A top expert at the World Health Organization (WHO) on Monday said that COVID-19 deaths are seeing a “slight increase” for the first time in six weeks, a trend that she called a “worrying sign.”
“I do want to mention that it had been about six weeks where we were seeing decreases in deaths,” Maria Van Kerkhove, technical lead on COVID-19 at the United Nations health agency, told reporters. “And in the last week, we’ve started to see a slight increase in deaths across the world, and this is to be expected if we are to see increasing cases. But this is also a worrying sign.”
Kerkhove also reported that four WHO regions are seeing an increase in transmission, making the fifth straight week of increasing transmission globally.
In the last week, she said, cases have increased by 8 percent, and 12 percent in Europe.
Kerkhove said that the increase in Europe is being driven by “several countries across the European region,” in addition to the coronavirus variant that was first discovered in the United Kingdom that is now circulating in several countries in the eastern part of Europe.
Southeast Asia has seen a 49 percent week-to-week rise in cases, Kerkhove noted. She also said the WHO’s Western Pacific region recorded a 29 percent increase, which was largely driven by an increase in cases in the Philippines and Papua New Guinea.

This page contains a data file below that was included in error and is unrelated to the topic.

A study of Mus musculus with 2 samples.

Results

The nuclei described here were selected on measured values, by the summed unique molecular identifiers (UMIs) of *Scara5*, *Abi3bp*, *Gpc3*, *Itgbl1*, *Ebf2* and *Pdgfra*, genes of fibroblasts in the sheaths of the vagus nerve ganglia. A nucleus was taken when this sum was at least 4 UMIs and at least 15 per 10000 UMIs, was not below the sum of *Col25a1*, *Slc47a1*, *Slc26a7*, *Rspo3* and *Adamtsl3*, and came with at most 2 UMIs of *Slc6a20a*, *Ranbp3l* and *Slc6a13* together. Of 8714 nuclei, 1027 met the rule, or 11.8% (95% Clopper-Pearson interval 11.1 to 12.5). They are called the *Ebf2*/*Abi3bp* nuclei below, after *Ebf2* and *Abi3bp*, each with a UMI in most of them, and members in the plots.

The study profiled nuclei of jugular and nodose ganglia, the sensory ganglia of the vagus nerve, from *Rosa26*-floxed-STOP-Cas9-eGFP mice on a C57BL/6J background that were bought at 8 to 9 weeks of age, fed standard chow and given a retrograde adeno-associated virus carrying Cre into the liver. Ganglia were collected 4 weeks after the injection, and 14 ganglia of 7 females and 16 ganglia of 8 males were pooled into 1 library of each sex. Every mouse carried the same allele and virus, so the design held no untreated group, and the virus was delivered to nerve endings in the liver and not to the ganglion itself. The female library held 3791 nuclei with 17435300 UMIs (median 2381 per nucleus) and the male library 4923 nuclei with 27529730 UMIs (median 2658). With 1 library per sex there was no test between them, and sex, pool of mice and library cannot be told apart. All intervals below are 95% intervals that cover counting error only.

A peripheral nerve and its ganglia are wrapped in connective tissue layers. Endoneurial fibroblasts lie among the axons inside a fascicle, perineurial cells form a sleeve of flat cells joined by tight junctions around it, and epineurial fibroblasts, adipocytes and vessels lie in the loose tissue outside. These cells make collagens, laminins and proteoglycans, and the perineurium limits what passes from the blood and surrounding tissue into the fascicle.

Kerkhove said there are a “combination of factors that are associated with increases in transmission,” including pressure to open countries, individuals and communities failing to comply with “proven control measures,” and the spread of “variants of concern,” especially the U.K. variant.
Kerkhove also said the “unequal” and “inequitable” vaccine distribution has contributed to this increase in transmission, because inoculations are “not yet reaching those who are most at risk.”
The Americas and Africa, Kerkhove noted, reported a slight decline in cases over the past week.
Kerkhove, however, noted that there is still “far more that we can do” to carry out preventative measures and keep individuals safe.
“There’s still far more that we can do at an individual level, at community level measure, as leaders in government, to support people to carry out measures that keep each of us safe,” she said.
According to the WHO, as of March 22 there have been more than 122.9 million confirmed cases of COVID-19 globally, and more than 2.7 million deaths.
As of March 20, more than 397.9 million vaccines have been administered globally, the WHO reported.